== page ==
The Blue Mountains: A Blue Haze

The Blue Mountains: A Blue Haze

One of my favourite memories from our first week in Sydney was The Blue Mountains. We only planned this trip the day before and got a last minute booking with a company called Happy Travels who would be picking us up at 7 am the following morning.

That morning also happened to be the day we were checking out of our hostel in favour of an Air BnB in Coogee. So we woke up at half 5 in the morning, repacked our backpacks and checked out of the hostel before the 15-minute walk to our pick-up point. As other tour buses heading to the mountains came and went we started wondering whether we had been forgotten about but just as we went to call the company a tour guide shouted our names and we were on our way.

Featherdale Wildlife Park

To break up the 2-hour drive from Sydney’s CBD to the Blue Mountains we had a 1 hour stop at Featherdale Wildlife Park. This was our first chance to see Australia’s native animals; including Kangaroos, Koalas, Dingoes, Wombats and Cassowaries to name a few. An hour gave us plenty of time to stroke the koalas, hand feed the kangaroos and get some postcards from the gift shop.

Feeding Kangaroos Featherdale Wildlife Park

Kangaroo at Featherdale Wildlife Park

The Blue Mountains

It was another hour coach journey before we reached our first stop in the Blue Mountains. Here we went on a short walk to the famous rock formation – the Three Sisters. The walk took us through a sub-tropical rainforest where we were convinced we would see a snake or spider lurking in the trees. The funnel-web spider is a very venomous species of spider which is regularly found in the Blue Mountains; luckily you won’t bump into one of these killers unless you start poking around in the holes where they sit and wait for prey to show up.

The view of the mountain range is not a disappointment and rightly called the Blue Mountains, unfortunately, the pictures from my iPhone 5 don’t even begin to do it justice (I’m hoping to go back to the Blue Mountains in the next month so I can get some better pictures). The blue haze which gives the mountains their name is caused by the masses of eucalyptus trees which release a chemical that scatters light wavelengths causing the blue-greyish appearance of the distant mountains.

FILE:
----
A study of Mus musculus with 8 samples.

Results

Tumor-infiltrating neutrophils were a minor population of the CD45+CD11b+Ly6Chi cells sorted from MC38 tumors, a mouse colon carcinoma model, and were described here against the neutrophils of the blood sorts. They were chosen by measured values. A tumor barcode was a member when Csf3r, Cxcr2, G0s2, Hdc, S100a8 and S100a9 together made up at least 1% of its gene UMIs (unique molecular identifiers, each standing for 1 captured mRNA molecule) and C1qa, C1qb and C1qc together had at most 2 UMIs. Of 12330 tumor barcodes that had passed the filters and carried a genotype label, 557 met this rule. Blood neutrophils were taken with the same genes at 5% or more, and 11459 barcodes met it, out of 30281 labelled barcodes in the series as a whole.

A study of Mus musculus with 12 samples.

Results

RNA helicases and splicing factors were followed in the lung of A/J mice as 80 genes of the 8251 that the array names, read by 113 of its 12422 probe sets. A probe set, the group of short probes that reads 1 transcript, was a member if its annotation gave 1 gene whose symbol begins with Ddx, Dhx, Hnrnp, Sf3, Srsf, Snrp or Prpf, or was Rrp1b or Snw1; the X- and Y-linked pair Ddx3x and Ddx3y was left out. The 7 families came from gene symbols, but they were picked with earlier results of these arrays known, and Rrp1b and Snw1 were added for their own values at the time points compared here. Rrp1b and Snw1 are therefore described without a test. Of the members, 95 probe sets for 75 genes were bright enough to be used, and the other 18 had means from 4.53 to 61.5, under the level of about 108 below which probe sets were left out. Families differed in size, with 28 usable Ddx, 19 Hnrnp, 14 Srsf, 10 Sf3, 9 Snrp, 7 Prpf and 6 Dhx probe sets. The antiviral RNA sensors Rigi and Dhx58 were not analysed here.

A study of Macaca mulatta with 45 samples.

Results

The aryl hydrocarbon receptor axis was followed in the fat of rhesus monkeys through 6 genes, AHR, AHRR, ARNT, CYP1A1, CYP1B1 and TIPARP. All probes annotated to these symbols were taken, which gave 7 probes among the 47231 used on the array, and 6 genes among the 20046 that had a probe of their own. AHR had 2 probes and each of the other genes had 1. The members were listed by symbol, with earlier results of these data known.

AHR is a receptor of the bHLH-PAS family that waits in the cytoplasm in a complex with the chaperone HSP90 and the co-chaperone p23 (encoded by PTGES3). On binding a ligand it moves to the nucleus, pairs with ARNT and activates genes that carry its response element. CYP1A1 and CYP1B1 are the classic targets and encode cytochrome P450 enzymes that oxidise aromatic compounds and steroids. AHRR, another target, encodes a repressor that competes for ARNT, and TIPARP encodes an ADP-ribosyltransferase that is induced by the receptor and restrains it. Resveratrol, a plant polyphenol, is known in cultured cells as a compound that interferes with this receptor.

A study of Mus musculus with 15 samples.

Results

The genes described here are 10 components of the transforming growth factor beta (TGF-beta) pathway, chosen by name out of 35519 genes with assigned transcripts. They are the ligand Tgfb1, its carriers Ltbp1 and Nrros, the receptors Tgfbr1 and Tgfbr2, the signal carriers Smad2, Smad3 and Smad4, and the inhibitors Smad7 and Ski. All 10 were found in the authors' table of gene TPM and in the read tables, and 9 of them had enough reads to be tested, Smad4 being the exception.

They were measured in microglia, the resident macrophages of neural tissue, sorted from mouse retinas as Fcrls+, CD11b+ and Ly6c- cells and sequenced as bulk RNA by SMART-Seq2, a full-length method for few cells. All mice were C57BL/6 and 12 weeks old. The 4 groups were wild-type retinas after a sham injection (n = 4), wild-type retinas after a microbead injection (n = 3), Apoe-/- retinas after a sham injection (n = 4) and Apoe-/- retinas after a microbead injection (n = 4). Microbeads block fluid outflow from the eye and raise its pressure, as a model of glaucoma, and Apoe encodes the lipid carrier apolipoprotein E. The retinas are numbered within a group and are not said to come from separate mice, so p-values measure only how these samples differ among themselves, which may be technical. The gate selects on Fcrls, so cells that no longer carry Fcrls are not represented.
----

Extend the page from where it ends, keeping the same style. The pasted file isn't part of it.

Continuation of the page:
The Blue Mountains

Blue Mountains

While looking out over the mountain range and admiring the three sisters (also known as Meehni, Wimlah and Gunnedoo) our tour guide told us an aboriginal-style story about how the rock formation came to be. We were also given aboriginal face paint which was made by mixing the sandstone from the mountains with water.

It was now time for lunch so we were driven to a hostel in a small village within the mountain range. While we ate our lunch from the comfort of an open fire and incredible views of the surrounding area we were asked if we wanted to go on a second bush walk before going back to the CBD. We all agreed to go and after lunch, we were driven to our final stop for the day.

This walk took us through another sub-tropical rainforest and lead us to a waterfall. Standing just a few metres away from the water as it rushed into the pool by our feet was an incredible experience and marked our first time ever seeing a waterfall. The walk now continued uphill until we came out to another viewing platform which provided one last chance to admire the mountains before the 2-hour drive back to the city. After a long day, I fell asleep for almost the whole journey home.

Blue Mountains Waterfall

Waterfall at the Blue Mountains
NB – Don’t wear shorts to the Blue Mountains in the middle of Australian winter!